Race Weekend Central

Robert Wickens Tremendous in Debut, But Sebastien Bourdais Repeats at St. Petersburg

It was a heartbreaking finish to Robert Wickens’ fabulous IndyCar Series debut.

Wickens, 28, made his first start with Schmidt Peterson Motorsports from the pole at the Grand Prix of St. Petersburg and led 69 laps, but contact from Alexander Rossi following a restart on Lap 109 cost the Canadian rookie a chance at victory.

Wickens finished 18th while Rossi ended up third. Sebastien Bourdais, who opened the 2017 season with a St. Pete victory from last place, retook the checkered flag on Sunday.

“I made the corner and then we had some contact, and obviously it put me into a spin into the wall,” Wickens said. “I ended my day with one lap left in the race. Not the way I imagined the day going for the No. 6 Lucas Oil SPM Honda.”

He also said there was confusion on the restart because the pace car’s lights didn’t shut off before it pulled off the track.

“I didn’t get the best restart I could have done,” he explained. “Probably the worst one of the whole day. I want to kind of speak to the officials to see why they didn’t turn the lights off the pace car before we went green but I don’t know. I just need to see everything before I comment.”

Rossi said that he was told to use the push-to-pass as he was going through Turns 13 and 14 leading to the restart. He felt he had a better jump than Wickens and had no intention of wrecking him, but there wasn’t enough room for him to evade contact.

“Normally they don’t allow push-to-pass on restarts. You’d normally have to do a timed lap before you did it, but because of the late call to go green that lap, they allowed it,” Rossi said. “I had a big jump on Rob, and he got to the push-to-pass pretty late. The run was perfect for me going into Turn 1, and I knew there wasn’t going to be many other opportunities.

“He defended the position, which he has the right to do, but in doing so, in moving the reaction, he put me into the marbles pretty late into the corner. It’s difficult with these cars and with how much we’re sliding around in the first place, even on the racing line. When you’re put in the marbles, it’s hairy.”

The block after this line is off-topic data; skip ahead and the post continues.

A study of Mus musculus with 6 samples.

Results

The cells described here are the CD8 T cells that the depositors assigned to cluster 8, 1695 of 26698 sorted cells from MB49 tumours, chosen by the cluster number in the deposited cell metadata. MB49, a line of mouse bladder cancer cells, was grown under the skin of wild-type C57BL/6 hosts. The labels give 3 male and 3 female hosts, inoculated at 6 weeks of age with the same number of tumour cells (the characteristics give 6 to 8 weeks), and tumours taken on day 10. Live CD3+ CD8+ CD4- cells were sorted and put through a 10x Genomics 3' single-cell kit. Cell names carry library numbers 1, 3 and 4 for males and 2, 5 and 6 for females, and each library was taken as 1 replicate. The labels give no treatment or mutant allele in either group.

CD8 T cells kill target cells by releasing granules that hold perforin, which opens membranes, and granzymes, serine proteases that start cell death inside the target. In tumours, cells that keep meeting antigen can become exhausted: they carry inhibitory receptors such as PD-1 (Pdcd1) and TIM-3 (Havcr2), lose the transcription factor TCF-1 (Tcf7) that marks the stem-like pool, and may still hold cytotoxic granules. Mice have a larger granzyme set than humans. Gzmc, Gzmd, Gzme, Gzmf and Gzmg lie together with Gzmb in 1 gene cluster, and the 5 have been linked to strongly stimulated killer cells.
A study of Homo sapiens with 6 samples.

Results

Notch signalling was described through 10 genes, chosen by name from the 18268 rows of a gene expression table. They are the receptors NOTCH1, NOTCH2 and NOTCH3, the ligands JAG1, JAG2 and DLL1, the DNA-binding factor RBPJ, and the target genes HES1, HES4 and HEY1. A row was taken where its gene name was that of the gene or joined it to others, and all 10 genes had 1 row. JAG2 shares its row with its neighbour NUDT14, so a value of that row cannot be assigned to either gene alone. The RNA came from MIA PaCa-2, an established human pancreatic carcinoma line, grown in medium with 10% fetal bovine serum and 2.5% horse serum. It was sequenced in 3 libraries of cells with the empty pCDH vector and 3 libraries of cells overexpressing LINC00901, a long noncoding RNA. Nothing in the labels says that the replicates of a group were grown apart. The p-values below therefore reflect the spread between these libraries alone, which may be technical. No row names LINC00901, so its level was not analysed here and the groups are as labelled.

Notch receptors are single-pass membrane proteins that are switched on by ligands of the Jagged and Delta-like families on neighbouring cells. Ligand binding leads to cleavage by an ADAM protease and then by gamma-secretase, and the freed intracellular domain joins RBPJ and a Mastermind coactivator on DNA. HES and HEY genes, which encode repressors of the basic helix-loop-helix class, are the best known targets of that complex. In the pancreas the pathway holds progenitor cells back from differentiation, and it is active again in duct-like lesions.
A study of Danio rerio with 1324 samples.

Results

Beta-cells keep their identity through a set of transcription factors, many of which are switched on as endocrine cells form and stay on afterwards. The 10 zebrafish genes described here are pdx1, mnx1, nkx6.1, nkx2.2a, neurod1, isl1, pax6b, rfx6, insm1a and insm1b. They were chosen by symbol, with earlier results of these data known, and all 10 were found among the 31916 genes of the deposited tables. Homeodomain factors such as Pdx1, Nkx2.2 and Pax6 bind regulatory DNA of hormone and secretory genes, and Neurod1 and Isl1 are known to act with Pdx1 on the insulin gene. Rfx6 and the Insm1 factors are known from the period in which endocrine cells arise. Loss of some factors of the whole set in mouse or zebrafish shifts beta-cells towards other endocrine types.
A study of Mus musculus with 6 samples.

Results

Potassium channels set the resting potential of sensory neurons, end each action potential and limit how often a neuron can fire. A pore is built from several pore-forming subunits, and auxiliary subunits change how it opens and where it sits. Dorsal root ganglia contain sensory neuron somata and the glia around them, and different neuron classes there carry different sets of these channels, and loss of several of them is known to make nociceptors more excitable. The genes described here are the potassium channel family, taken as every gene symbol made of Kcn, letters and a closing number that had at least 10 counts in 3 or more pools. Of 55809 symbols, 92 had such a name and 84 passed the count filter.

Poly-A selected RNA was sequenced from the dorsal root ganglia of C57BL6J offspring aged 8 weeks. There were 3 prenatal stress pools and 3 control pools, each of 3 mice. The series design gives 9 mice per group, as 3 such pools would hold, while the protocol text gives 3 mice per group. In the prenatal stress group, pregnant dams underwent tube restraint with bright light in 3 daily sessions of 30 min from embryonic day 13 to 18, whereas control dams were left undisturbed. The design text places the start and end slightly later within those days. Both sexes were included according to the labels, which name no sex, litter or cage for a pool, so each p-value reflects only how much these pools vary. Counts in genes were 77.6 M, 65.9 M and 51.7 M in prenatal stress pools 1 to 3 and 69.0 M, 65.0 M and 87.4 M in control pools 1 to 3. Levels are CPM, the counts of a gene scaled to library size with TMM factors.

Along with Wickens, rookies Matheus Leist and Jordan King looked competitive. Leist finished last, but he qualified an impressive third while King started fourth. The results don’t show it, but they were fast.

Perhaps the new car and all the unknowns that come along with it made the field more evenly balanced. Every driver had to deal with the unpredictabilities of a new aero package which features less downforce, so no one truly had an advantage, regarding setup.

Strategy-wise Bourdais played the cards perfectly. He won last year’s race on an alternate pit strategy, and it paid off for him two years in a row.

“We ended up qualifying poorly. We didn’t get a good lap. … It felt like we just missed a good opportunity to start at the front,“ the race winner said. “It definitely seems like this race is disjointed enough that it doesn’t really seem to matter where you start, you’re still going to have opportunities to make it happen, and we sure did today.

“So the team played it perfect. We ended up with a bunch of other guys on the same strategy, and some of the guys offset by some but not drastically so. But the great thing I knew for us was that obviously, we were not going to be exposed to yellows for the rest of the race because we just decided to shift everything forward. … We were just going to run long stints until the end of the race.”

About the author

John Haverlin is Frontstretch's exclusive IndyCar editor and writer. He has covered American auto racing's various forms, including NASCAR Cup, Xfinity, Truck, K&N, Whelen Modified, IndyCar, Mazda Road to Indy, USAC, Modified Touring Series, World of Outlaws, ARCA and ACT Tour. He is a graduate of Arizona State University and currently resides in Long Island, New York.